SCIENTIFIC FREEDOM AND THE PUBLIC GOOD
Scientific knowledge and its successful applications have played a large role in making the United States of America a powerful nation and its citizens increasingly prosperous and healthy. The challenges that face the United States in the twenty-first century can only be met if this tradition is honored and sustained.
To that end, the U.S. government must adhere to high standards of scientific integrity in forming and implementing its policies. Breaches of this principle have damaged the public good and the international leadership of the United States. To meet its obligation to serve the public interest, the government must have reliable scientific work and advice at its disposal, and provide the public with reliable scientific information. This requires the government to provide federal scientists with the resources and the professional environment necessary to carry out their missions effectively and honestly. The government should also draw on the knowledge of federal scientists and of the larger scientific community to formulate public policy in an objective and transparent manner.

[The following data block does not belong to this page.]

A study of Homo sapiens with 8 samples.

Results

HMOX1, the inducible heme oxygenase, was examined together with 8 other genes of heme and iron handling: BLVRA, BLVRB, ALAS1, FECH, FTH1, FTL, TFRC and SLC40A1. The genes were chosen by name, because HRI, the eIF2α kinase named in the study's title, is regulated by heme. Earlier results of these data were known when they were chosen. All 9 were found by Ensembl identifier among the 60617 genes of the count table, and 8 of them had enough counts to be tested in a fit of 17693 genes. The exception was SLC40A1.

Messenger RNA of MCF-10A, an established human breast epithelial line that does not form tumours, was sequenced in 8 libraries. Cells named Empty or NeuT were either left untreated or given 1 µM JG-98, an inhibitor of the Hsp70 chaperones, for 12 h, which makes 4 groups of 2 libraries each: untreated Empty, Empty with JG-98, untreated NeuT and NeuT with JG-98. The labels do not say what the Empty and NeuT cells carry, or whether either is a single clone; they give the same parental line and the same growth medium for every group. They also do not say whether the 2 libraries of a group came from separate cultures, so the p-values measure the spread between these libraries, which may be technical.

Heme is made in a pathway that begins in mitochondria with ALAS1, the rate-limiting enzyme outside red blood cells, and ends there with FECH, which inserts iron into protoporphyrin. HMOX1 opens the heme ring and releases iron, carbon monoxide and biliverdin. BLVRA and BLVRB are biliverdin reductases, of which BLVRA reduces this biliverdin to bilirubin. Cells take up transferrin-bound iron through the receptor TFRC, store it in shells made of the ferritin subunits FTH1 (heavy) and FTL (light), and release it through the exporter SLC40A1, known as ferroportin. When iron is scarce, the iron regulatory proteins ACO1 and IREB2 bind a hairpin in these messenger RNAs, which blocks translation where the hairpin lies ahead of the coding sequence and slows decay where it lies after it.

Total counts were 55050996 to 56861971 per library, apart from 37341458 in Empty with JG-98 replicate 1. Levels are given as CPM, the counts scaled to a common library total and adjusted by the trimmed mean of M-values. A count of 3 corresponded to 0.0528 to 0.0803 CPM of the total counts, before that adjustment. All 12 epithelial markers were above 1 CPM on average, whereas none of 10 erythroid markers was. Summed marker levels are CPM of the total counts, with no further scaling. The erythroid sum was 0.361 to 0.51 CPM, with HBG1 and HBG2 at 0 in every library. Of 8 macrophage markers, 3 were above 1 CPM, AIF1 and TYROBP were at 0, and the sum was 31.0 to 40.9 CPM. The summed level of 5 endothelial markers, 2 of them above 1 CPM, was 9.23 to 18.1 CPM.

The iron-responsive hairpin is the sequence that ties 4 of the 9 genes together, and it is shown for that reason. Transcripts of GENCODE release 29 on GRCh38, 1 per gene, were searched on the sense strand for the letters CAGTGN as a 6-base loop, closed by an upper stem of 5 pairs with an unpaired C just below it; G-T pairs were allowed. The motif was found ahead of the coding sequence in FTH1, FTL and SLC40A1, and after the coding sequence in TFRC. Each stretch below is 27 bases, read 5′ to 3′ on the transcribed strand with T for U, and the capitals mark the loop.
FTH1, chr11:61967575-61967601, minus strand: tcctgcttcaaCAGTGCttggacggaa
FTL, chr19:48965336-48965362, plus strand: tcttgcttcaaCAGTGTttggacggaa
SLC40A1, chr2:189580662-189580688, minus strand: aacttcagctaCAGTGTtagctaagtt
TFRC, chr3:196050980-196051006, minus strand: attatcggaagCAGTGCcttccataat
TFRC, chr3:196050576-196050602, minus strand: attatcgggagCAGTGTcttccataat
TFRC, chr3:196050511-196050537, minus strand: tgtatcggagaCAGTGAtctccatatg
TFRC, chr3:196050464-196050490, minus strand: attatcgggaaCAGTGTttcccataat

Scientists employed by government institutions commit themselves to serve the public good free from undisclosed conflicts of interest and to carry out science that is reliable and useful, while respecting statutory limitations such as national security laws. Therefore, government scientists should, without fear of reprisal or retaliation, have the freedom:
*to conduct their work without political or private-sector interference;
*to candidly communicate their findings to Congress, the public, and their scientific peers;
*to publish their work and to participate fully in the scientific community;
*to disclose misrepresentation, censorship, and other abuses of science; and
*to have their technical work evaluated by scientific peers.
We call on Congress and the executive branch to codify these freedoms, to establish stronger means for gathering scientific advice, and to take concrete steps to enhance transparency, so as to create conditions conducive to a thriving scientific enterprise that will serve our democracy with integrity and bring the full fruits of science to all Americans and to the world.
For more information on Scientific Freedom and the Public Good and the related report Federal Science and the Public Good: Securing Independent Science in Policymaking, visit www.ucsusa.org/scientificfreedom.